WISCONSIN LEGISLATIVE AUDIT BUREAU
Health Insurance Risk-Sharing Plan
The Health Insurance Risk-Sharing Plan (HIRSP) was established in 1980 to provide major medical insurance and Medicare supplemental insurance for individuals who cannot obtain private coverage because of the severity of their health conditions. At the end of 1998, 7,068 policyholders were enrolled in the plan.
Oversight responsibility for HIRSP was transferred from the Office of the Commissioner of Insurance to the Department of Health and Family Services (DHFS) on January 1, 1998, by 1997 Wisconsin Act 27, which also made significant changes to plan funding, modified the plan in response to federal health care reform legislation, and required daily operations to be transferred to a new plan administrator that is the States fiscal agent for Medicaid.
Our Auditors Opinion on the Financial Statements Is Qualified
1997 Wisconsin Act 27 provided HIRSP with $17.9 million in general purpose revenue to offset program costs in the 1997-99 biennium, and it increased health care providers responsibility for funding these costs. Before January 1, 1998, HIRSP had two primary funding sources: premiums paid by policyholders, and annual financial assessments on health insurance companies that do business in Wisconsin. Act 27 required health care providers to share equally with insurers in program costs that are not covered by policyholder premiums and state funding.
DHFS is required by statutes to calculate funding rates so that policyholders, insurers, and providers each contribute an appropriate share annually. However, the way in which DHFS accounted for health care providers contributions did not allow it to determine whether statutory funding requirements had been met from January through June 1998. Our auditors report on the fiscal year 1997-98 financial statements is therefore qualified. DHFS has been working with the new plan administrator to address the accounting concerns we noted.
Adopting a Medicaid-based System Has Affected Services and Costs
DHFS had not intended that coverage would change when HIRSP adopted Medicaid cost-containment, billing, and reimbursement practices. However, policyholders and providers have experienced problems under the new plan administrator, which began processing claims on July 1, 1998. Problems include confusion about the new cost-containment provisions, delays in processing and paying claims, and difficulty in receiving responses to inquiries. At one point, 97 percent of claims required manual processing and, on average, 2,300 calls per month were not answered before callers hung up. DHFS is taking steps to address these concerns and believes that service has improved.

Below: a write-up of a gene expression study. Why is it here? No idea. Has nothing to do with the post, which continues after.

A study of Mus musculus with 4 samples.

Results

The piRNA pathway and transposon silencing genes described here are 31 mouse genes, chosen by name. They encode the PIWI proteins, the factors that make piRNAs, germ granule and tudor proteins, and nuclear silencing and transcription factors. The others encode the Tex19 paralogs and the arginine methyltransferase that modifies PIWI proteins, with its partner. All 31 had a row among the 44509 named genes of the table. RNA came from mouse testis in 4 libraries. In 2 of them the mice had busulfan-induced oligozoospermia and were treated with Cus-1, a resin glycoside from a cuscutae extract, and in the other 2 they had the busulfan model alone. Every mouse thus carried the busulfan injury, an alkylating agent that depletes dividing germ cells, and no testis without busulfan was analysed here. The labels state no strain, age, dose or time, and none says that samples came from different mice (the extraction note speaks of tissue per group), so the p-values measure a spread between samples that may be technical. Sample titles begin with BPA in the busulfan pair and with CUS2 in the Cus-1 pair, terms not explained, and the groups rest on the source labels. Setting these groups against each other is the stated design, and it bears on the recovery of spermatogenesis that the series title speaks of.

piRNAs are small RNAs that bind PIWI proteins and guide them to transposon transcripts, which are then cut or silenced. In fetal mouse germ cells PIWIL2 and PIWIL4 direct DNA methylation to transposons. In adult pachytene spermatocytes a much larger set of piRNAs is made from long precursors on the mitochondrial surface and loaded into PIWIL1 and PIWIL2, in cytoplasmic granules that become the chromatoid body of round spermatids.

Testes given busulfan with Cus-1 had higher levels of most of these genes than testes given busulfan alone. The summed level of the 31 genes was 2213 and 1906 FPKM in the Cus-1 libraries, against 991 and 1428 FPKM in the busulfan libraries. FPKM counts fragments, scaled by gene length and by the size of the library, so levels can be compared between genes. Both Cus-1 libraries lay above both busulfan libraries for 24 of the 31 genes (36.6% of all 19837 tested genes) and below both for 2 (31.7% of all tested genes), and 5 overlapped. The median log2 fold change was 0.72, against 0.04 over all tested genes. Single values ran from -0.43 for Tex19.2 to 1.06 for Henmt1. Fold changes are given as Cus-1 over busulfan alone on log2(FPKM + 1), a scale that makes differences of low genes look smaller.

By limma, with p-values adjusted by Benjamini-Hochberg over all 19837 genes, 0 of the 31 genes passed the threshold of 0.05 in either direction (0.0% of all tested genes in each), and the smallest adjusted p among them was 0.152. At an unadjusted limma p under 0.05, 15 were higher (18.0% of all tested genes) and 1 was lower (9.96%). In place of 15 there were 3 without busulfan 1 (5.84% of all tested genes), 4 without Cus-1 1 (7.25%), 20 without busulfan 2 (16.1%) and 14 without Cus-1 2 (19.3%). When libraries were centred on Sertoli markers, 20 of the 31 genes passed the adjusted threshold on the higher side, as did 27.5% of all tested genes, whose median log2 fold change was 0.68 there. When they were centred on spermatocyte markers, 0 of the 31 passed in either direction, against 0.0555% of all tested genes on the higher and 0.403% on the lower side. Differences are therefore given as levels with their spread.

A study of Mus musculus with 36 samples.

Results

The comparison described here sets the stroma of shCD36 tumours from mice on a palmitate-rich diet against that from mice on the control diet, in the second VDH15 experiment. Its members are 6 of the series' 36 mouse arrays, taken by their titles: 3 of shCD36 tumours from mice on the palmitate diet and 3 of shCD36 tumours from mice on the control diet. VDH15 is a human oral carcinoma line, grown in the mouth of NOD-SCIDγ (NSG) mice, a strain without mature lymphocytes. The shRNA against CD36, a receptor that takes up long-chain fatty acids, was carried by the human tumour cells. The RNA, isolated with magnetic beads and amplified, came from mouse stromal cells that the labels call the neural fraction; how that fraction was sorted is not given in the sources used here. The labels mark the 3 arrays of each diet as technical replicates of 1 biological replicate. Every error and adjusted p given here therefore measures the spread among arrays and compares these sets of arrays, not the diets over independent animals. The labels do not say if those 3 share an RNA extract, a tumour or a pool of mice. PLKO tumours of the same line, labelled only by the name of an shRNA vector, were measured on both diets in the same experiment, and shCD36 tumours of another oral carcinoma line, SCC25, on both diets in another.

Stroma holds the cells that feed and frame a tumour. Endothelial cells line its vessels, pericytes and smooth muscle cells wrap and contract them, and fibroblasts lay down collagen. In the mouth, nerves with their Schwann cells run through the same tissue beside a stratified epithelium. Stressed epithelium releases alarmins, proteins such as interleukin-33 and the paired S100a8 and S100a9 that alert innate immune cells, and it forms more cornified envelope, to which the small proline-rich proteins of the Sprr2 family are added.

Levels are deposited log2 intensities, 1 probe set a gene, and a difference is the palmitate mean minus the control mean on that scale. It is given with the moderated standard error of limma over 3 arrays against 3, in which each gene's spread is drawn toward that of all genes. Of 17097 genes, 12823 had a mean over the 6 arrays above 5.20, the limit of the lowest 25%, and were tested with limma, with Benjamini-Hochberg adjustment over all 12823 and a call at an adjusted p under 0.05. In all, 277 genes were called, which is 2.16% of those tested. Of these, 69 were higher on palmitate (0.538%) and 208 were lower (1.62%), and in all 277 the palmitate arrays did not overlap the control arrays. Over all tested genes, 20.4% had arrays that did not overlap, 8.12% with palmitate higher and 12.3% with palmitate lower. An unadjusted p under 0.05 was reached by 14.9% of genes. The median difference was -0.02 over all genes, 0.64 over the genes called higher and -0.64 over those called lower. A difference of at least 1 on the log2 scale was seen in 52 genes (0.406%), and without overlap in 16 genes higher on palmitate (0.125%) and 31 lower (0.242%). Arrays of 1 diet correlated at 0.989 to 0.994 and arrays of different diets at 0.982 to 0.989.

Because DHFS has given priority to addressing service needs, it has been delayed in providing program oversight in several areas, including financial and management reporting; monitoring of claim liabilities; and cash management, including analyzing whether there may be higher-yield options available for cash kept in an interest-bearing checking account.
Higher-than-anticipated plan administration costs are also being incurred under the new plan administrator. Some additional costs might have been expected because of the complex funding structure introduced in 1997 Wisconsin Act 27, DHFSs limited experience in administering an insurance program, and the challenge associated with merging HIRSP with Medicaid cost-containment provisions. However, DHFS is committing significantly more of its own staffing resources than were provided under Act 27, and the plan administrators most recent estimate of $261,000 in ongoing monthly service costs is 50 percent higher than the amount agreed to one year earlier and 80 percent higher than the amount paid to the former plan administrator. To help control these costs, DHFS will need to adopt specific funding requirements for the plan administrator, as well as standards and measures of quality and penalties for nonperformance.
Program Changes Are Being Proposed
DHFS is developing a proposal to clarify statutory provisions concerning plan administration and to take better advantage of Medicaid cost-containment provisions that could be put in place by the plan administrator. This proposal includes creating HIRSP-specific rates for hospital services; establishing a maximum annual amount for deductibles, coinsurance, and prescription drug co-payments; and providing authority for an additional 3.5 positions within DHFS, funded by HIRSP, to oversee all HIRSP operations and policy. In considering this proposal or any other proposed program changes, the Legislature may also wish to consider requiring DHFS to take other steps to ensure sound financial management of HIRSP, such as funding the plan on a full-cost basis that considers all claim costs, and instituting sound cash management practices.